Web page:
My dissertation examines how education has been used for authoritarian ends in Morocco, so I read with interest an article this morning in the NYT about Thailand's current conversation over educational reform. The article highlights several significant points:
1. Educational reforms have path dependent effects: changes made to educational curriculum can continue shaping individuals long after the conditions in which those reforms were made have passed.
In the Thai case, educational style is rooted in the military dictatorship established in the country in 1972. The country experienced a period widely viewed as democratic in the mid-2000s, but returned to military dictatorship after the coup d'état of 2006. Its curriculum is deeply rooted in authoritarian values, even as the country's political space opens.
2. Education in authoritarian contexts is distinctly undemocratic: I know this is obvious, but I think the political science literature has done very little to examine this. Sometimes I get the impression some political scientists think any education is better than no education. I'm not sure how I feel about this.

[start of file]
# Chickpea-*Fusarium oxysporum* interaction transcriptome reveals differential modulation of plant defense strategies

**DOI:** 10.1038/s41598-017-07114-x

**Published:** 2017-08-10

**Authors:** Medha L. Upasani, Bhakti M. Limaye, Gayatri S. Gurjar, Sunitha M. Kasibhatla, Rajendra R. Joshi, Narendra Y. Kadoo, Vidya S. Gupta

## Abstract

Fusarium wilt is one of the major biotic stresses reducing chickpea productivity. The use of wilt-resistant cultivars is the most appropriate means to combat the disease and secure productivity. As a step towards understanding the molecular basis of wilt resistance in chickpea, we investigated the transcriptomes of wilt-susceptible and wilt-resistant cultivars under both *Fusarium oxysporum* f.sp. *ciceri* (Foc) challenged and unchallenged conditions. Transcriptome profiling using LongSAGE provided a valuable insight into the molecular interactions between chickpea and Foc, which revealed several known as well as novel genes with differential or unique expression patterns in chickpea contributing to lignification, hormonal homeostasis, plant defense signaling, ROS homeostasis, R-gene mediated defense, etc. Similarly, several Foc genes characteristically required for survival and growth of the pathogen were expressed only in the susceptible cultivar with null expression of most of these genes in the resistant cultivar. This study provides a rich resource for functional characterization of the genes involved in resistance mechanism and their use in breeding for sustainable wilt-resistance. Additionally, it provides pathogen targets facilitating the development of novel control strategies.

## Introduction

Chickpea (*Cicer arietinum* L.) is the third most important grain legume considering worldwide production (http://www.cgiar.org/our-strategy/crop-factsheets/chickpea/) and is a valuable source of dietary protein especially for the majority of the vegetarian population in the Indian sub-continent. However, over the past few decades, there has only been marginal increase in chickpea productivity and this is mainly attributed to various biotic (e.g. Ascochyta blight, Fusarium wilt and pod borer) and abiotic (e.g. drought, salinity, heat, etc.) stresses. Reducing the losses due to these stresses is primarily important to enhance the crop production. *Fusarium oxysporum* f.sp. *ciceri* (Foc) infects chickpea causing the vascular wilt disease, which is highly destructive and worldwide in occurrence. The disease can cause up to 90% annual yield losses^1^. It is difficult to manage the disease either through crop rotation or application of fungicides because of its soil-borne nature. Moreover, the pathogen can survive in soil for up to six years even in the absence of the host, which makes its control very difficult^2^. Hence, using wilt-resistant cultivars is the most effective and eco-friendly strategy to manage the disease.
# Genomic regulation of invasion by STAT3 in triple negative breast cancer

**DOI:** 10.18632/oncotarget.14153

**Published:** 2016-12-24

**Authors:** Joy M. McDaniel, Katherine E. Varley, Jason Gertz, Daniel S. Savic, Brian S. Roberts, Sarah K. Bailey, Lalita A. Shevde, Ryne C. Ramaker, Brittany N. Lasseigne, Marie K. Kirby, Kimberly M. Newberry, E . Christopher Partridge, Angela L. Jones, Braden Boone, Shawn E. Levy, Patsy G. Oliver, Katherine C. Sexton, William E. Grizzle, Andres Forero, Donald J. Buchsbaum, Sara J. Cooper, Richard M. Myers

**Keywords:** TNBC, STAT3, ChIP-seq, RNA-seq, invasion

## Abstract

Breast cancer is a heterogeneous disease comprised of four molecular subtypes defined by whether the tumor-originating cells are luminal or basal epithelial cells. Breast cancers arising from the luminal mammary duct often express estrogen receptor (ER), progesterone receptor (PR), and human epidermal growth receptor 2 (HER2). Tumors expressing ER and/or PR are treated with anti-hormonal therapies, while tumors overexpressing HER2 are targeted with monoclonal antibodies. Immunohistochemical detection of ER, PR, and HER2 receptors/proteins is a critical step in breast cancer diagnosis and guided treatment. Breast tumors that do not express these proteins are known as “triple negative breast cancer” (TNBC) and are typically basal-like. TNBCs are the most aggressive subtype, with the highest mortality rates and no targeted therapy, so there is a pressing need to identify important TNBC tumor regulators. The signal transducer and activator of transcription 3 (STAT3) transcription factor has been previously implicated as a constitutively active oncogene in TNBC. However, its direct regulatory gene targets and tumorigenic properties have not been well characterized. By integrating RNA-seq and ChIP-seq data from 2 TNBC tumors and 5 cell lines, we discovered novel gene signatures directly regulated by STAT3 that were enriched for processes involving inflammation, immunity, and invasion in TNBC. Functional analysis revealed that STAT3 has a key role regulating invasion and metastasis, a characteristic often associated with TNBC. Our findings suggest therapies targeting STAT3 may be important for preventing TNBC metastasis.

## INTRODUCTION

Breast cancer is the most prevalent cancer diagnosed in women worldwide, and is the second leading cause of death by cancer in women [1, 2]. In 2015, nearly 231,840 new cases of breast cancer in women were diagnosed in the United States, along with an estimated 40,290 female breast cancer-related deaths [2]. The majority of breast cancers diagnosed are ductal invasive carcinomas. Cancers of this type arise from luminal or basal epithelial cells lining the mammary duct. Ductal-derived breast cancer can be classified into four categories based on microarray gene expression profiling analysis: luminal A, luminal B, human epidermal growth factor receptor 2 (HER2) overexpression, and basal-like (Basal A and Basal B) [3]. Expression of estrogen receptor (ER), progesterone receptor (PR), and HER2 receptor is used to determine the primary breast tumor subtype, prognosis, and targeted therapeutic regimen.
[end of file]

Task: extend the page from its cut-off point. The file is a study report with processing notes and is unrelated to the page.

In the Thai case, students are beat with bamboo canes, can have their hair cut or dyed publicly at school if it does not meet rigid dress code standards and the curriculum is rooted in rote memorization. “School is like a factory that manufactures identical people,” one student said.
3. Schools are the training grounds for citizenship: again, obvious. But in a system where students are expected to "bow, bow, bow" to their teachers, and never articulate their own arguments nor learn to evaluate others' arguments, how can a democracy function? where else do people learn to be critical?
In Thailand, the new education minister, trained in the US, is interested in moving towards letting students think more independently, though his support seems distressingly conditional. He remarked, "We want them to be individuals, within reason.”
4. You can't always get what you want, and neither can the regime: The Ministry of Education can change the national curriculum, but whether its implemented on the ground depends on its relationship to teachers, principals and other bureaucrats.
In the Thai case, one vice principal interviewed in the article seems likely to ignore reforms if he thinks they are too drastic. He was clear with his views, “The military needs guns; teachers need sticks. Sometimes you need to hit them a little bit, but only on the bottom.”